Charlie Hebdo Attack Is a Wake Up Call for Israel, Too

Freedom of the press is a key component of freedom of speech, without which there is no democracy. Israel must ensure that threats on reporters don’t become actions.

AFP

The terror attack on the offices of Charlie Hebdo in Paris, in which 12 people were killed, was a strategic strike. It targeted a vital asset, not only of the French Republic, but of the entire free world.

The murderous attack was designed not only to take the lives of courageous and determined French journalists and caricaturists at an editorial meeting, but also — and mainly — to strike at freedom of the press everywhere.

It’s not yet clear whether the perpetrators have attained their goal and are sowing paralyzing fear among other journalists and media outlets. This goal must not be achieved; it would only encourage similar acts. And so democratic institutions and journalists everywhere must stand together against this murky wave that threatens to undermine freedom of the press and expression all over the world.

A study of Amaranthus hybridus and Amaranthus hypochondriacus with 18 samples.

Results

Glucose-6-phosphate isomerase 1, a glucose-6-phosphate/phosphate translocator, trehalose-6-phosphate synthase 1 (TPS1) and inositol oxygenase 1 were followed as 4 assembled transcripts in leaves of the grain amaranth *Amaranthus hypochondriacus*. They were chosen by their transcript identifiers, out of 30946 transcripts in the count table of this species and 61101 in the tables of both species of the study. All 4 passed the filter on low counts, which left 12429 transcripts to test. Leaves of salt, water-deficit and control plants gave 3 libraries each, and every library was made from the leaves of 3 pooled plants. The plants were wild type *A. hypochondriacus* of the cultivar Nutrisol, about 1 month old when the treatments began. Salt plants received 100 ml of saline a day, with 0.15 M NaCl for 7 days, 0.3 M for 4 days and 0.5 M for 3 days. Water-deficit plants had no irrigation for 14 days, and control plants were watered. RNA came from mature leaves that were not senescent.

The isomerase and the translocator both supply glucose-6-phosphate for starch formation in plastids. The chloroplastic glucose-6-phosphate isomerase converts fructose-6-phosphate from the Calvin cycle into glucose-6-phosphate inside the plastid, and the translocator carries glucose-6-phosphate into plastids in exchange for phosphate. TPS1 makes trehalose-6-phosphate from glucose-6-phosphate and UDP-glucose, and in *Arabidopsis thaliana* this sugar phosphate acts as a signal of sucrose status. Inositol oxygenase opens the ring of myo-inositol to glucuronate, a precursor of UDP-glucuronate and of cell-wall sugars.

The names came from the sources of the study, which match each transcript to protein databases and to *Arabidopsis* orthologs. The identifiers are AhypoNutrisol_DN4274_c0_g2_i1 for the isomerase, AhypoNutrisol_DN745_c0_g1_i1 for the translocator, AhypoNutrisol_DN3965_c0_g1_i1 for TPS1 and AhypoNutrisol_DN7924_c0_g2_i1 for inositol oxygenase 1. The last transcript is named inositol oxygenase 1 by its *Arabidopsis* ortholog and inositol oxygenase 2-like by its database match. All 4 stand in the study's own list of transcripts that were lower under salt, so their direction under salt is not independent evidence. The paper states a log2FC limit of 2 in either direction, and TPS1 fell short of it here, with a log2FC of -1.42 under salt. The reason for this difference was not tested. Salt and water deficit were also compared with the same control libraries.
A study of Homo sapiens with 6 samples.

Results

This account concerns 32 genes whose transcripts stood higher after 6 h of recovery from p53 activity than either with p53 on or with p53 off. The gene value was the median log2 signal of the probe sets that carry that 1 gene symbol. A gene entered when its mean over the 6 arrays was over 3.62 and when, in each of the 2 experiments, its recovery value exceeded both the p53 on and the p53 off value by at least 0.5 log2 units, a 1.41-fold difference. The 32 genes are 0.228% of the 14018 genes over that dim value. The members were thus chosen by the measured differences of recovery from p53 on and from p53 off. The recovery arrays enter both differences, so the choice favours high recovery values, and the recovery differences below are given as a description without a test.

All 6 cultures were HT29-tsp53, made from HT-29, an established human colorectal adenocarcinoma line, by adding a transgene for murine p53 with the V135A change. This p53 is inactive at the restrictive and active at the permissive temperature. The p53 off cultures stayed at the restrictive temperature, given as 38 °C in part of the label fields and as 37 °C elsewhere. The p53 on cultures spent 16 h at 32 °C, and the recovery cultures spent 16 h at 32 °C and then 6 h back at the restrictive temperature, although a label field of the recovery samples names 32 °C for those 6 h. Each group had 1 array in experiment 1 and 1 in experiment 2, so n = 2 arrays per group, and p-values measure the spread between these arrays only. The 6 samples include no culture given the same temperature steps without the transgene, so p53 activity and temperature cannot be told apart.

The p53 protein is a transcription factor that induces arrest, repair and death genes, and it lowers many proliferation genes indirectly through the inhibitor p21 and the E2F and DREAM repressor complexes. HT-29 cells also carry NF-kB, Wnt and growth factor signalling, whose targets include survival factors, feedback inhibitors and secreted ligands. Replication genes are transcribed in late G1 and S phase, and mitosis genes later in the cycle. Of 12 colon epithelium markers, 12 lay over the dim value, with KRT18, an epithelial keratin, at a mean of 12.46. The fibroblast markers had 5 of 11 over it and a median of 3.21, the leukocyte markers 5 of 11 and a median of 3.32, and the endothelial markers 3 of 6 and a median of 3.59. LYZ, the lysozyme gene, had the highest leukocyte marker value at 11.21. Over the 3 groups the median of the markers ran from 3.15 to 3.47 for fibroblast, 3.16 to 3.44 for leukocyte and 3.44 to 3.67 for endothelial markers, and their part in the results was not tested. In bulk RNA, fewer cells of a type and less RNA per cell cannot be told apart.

In Israel, as in other countries, people were appalled by the attack. Even people who had never heard of Charlie Hebdo, a publication with no parallel in Israel, could be no less than deeply shocked by the scenes broadcast from Paris.

The attack in Paris’ 11th arrondissement should rouse Israeli public opinion over events here too and serve as a warning sign. Israel has already seen a terror attack against a commentator – Zeev Sternhell – because of his opinions. Other journalists fall victim daily to threats and intimidation because of their opinions and worldviews.

These threats have increased in recent years; they include threats against certain journalists’ lives. At Charlie Hebdo, the attack was preceded by a series of threats.

Freedom of the press is a key component of freedom of speech, without which there is no democracy. The state must protect it as a precious asset.

In light of the increasing threats against Israel’s journalists, Israelis must take a determined stand so that here too threats do not become actions. The road could be shorter than we think.